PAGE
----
Tuesday, November 24, 2009
Saturday, November 21, 2009
Tuesday, November 17, 2009
These photos were taken around 2pm, what should be near the warmest point of the day (and the air temperature is a bit above freezing). Please note that this is not snow - it hasn't snowed since I came back, and these frosty areas are in openings of forest that theoretically would see sunlight. Beyond grass fields, the frost also hits gravel roads and asphalt surfaces in a thick manner, appearing innocent enough but making walking paths extremely slick.
Friday, November 6, 2009
As the prospect of packing my belongings and leaving my two month home of Kathmandu approaches I am a little stuck on a concept brought up by last week’s conference on tradition and preservation in the Trans-Himalayan area. Many of the lecturers at this conference noted some fears of globalization and the way that contemporary life is forcing people to hold multiple identities – constantly pulled between the traditional and the modern. While I share neither a personal attachment to any “traditional” lifestyle nor the presented fears of loss of culture, I am lately very much aware the multiple identities which I hold.
Hidden back in my suitcase are several items which I have not looked at or thought about in the last 60 days – a down winter vest, some makeup, a student id from NTNU. There is a cell phone with a Norwegian phone number that I never managed to remember even though it belongs to me. Finally, there is a keychain holding the most solid and complicated key I’ve ever owned – one that ironically belongs to the most secure and safe place I have ever lived. The comparison of this key to my Norwegian small town student apartment to the flimsy piece of aluminum used for my hotel room is comical. These keys further remind me of sets I have held through other identities – especially those that used to be part of an internal “keys, wallet, phone” mantra that I would not leave my New York or Boston apartments without repeating in check. Such items become symbols of the habits which form our lives and how we identify with the world.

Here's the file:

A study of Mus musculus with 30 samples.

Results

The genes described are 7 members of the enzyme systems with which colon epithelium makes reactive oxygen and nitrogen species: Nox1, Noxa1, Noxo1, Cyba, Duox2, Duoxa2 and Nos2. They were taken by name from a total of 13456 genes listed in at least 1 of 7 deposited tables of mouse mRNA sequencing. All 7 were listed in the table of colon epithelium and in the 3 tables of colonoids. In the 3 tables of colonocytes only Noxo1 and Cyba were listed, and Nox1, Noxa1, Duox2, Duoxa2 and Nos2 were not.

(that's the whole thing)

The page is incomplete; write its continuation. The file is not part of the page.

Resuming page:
It is interesting to me the items one believes they cannot leave home without depending on a specific position in life/the globe, or to any one particular identity. I have not owned, or even used, a phone since September and I haven’t particularly missed it. In Norway I used my phone for social commitments and to check the time, in New York the phone was a storage device for any pertinent contact information – personal or business, and often held note reminders for those days when I would be without internet for several hours at a time. These objects and our relationships with them change with our circumstances and environment. In my case, “keys, wallet, phone” became “wallet” or “wallet, camera” by the time I got to Nepal, since life in a hotel allows the keys to be checked at the door. The breaks from some amount of materiality and the barriers to technology here have overall been refreshing. I am reminded of Thoreau writing in Walden how he feels bad to see the poor carrying all their belongings on their back, not because they are poor and have so little, but because they have to labor to carry so much which ties them down.
So here I have fallen into an identity between volunteer worker and transient long term tourist. My class has come here from diverse cultural backgrounds stretching from Norway and France to China and Japan, but in Nepal have become a fairly cohesive international societal unit. I will return to Norway with the full identity of a student, saying goodbye to some good friends and many familiar faces - realizing that some relationships will carry on in different capacities and others will disappear or change completely, along with the habits of the day to day. Being one to typically fight nostalgia and embrace change, I look forward to the new opportunities that later identities may afford me. For me, the possession of multiple identities is a key element, both in the personal development of the individual and in our collective ability to relate to each other, adapting into variously scaled and termed social groups. It may be that multiple identities is the clearest form of underlying social infrastructure in the global environment.